Agency leadership, job satisfaction matter in feds’ decisions to retire

A new study reviews federal personnel data for employees over age 50, along with feedback from the Federal Employee Viewpoint Survey, to determine what other fa...

Age matters, but federal employees’ overall job satisfaction and experience with their agency’s leadership also could be important as an aging federal workforce makes retirement plans.

“The two things that really seemed to make a difference, where the agency could have some impact on employee decisions, was the overall leadership of the agency and the person’s attachment to their particular job,” said Dr. Greg Lewis, co-author of a new federal retirement report and a public management and policy professor at Georgia State University.

Lewis and co-author David Pitts examined federal personnel records for employees ages 50 and older and analyzed feedback from the 2012 Federal Employee Viewpoint Survey. They used that data to determine what other factors — besides employees’ ages — might factor into their decisions to retire from the civil service.

They looked at responses to six questions on the Federal Employee Viewpoint Survey that evaluated a person’s satisfaction with agency leadership, supervisors, recognition and rewards, experience with co-workers, opportunities for advancement and pay, as well as overall job satisfaction.

“We expected that the more satisfied people were with all of those things, the less likely they would be to say they were planning to retire,” Lewis said. “What was surprising was, that was true for both agency leadership and for job satisfaction, but it wasn’t true for any of the other factors.”


“What we expected to find was that in general, the more satisfied they were with their jobs, the less likely they would be to tell us that they were planning to retire within the next year or within the next three years,” Lewis said.

Roughly 30 percent of the federal workforce is eligible to retire by 2017. But many federal employees appear to be delaying retirement, leading many in the human capital community to wonder when exactly the “retirement tsunami” will actually hit.

“To a large extent it hasn’t happened, quite possibly because of the Great Recession,” Lewis said.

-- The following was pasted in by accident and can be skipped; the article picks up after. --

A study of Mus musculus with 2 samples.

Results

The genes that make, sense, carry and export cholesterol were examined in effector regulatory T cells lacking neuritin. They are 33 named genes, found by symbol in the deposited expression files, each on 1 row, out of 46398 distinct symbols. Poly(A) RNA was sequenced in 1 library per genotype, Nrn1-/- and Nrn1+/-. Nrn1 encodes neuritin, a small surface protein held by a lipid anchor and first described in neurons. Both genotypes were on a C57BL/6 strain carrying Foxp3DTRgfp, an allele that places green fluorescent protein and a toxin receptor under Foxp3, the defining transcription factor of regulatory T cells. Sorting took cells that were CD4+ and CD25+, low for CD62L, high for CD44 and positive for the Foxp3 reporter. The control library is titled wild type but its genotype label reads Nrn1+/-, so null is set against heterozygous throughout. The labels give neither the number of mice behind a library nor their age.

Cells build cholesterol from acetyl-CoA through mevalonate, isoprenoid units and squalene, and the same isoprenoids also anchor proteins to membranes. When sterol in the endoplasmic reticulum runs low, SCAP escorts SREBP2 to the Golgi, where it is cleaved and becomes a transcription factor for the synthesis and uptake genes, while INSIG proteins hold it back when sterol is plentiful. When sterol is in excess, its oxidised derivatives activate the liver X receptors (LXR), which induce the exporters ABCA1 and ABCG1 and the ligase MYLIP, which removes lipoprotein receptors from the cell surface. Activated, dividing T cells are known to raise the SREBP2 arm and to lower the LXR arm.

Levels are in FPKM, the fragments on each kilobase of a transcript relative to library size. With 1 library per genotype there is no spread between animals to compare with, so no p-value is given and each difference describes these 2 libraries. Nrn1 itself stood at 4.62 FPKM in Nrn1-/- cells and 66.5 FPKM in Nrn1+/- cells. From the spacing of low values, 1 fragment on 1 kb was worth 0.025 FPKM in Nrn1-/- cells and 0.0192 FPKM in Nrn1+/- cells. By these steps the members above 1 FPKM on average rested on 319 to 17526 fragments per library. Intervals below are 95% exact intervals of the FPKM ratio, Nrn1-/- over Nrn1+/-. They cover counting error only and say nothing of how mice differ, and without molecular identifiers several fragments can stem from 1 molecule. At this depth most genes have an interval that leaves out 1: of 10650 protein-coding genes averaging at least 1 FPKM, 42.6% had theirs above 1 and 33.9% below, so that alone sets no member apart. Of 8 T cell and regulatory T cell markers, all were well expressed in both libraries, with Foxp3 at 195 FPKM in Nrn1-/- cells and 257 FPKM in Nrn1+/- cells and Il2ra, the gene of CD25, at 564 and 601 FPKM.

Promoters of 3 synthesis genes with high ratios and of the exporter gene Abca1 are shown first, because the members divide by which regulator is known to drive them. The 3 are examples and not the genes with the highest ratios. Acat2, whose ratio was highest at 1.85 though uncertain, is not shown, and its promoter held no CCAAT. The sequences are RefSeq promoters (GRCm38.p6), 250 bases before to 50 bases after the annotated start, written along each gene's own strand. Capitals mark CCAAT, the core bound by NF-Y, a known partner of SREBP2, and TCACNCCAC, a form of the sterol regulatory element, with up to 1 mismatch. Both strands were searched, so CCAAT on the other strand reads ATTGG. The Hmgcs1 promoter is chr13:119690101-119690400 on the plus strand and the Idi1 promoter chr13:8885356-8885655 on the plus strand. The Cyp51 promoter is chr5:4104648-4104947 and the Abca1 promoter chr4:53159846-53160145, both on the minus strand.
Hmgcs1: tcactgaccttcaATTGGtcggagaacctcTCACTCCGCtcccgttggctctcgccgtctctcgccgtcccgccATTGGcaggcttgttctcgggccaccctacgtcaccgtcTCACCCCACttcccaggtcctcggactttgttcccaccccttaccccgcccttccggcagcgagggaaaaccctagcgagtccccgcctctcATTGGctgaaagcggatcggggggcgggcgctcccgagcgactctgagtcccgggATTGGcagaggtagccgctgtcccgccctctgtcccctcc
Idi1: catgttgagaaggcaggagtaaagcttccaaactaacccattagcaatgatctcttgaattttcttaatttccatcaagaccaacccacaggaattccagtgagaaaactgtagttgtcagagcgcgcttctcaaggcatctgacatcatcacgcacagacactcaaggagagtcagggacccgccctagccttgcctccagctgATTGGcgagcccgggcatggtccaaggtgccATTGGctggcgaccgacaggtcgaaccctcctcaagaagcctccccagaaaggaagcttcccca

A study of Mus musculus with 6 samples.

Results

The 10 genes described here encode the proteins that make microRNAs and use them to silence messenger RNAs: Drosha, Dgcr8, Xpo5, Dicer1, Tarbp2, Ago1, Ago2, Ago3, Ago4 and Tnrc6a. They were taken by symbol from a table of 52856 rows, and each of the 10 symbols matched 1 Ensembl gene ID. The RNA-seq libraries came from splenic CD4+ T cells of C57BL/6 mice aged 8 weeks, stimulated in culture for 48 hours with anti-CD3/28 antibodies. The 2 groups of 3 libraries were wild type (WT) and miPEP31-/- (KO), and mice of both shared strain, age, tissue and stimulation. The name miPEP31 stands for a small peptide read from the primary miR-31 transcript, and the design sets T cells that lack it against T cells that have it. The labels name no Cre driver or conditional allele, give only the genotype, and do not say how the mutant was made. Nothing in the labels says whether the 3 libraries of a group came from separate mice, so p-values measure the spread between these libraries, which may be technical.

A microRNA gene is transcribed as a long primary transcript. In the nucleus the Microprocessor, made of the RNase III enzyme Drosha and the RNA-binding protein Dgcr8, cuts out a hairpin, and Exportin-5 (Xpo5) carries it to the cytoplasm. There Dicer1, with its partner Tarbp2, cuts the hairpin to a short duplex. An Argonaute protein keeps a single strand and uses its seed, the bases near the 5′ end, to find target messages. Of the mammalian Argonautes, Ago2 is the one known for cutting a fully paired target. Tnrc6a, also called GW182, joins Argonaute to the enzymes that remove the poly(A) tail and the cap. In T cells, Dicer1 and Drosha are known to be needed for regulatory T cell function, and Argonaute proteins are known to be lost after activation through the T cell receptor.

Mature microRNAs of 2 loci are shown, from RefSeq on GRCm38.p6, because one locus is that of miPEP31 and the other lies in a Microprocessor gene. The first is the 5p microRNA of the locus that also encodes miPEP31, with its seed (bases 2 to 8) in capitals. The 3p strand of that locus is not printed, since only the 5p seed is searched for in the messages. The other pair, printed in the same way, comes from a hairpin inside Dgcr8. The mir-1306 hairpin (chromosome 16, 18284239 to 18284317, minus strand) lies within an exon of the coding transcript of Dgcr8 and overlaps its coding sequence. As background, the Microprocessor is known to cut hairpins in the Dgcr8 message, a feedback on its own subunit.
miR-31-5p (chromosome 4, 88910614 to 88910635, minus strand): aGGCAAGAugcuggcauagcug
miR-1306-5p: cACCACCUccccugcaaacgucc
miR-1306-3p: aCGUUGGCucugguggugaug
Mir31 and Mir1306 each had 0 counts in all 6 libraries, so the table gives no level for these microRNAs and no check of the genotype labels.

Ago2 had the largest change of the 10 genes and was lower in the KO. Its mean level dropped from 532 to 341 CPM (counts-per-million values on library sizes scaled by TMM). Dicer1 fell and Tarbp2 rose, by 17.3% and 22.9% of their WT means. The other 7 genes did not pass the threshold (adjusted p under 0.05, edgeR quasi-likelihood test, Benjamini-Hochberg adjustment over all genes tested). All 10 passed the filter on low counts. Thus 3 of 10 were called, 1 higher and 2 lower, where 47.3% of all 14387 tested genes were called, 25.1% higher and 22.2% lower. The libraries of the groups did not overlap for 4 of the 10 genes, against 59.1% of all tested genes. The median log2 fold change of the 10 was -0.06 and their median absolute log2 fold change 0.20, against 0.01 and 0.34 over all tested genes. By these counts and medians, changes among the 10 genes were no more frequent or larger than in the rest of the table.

He said age does in fact seem to contribute to a person’s decision to retire, as data has shown that more people tend to retire once they reach age 55, 60, 62 or 65.

“Even people who are meeting the 65-year-old [threshold] with 30 years of service, even those people only have about a 25 percent probability of retiring that year,” Lewis said. “We see big jumps in retirements when people become eligible to retire. We see a general increase with age in particular, but we’re still seeing a substantial number of people who are making the decision to postpone retirement past that threshold.”

Federal managers collect and disseminate little information about the factors that contribute to a federal employee’s decision to retire. But “agency leadership” had the strongest impact on delaying retirement, Lewis said.

“Successful leaders balance multiple priorities, but to the extent that they are able to make the job satisfaction and development of their older employees one of them, it would potentially keep some individuals from retiring quite as soon,” the report said. “Agency leaders can easily work into their motivational messaging comments that value contributions of older employees, and even symbolic gestures could work to the advantage of organizations aiming to keep older employees from retiring.”

Though the “retirement wave” has yet to hit agencies in earnest, Lewis said he predicts that it eventually will come.

Federal employees over age 50 made up roughly 45.5 percent of the workforce at the end of the fiscal 2014. And new employees are entering the federal workforce later than members of previous generations, as positions become more technical in nature and younger generations of workers spend more time in school. 

“The federal workforce is by far older than state and local government workforces or private sector workforces, and eventually that retirement tsunami just has to hit,” Lewis said.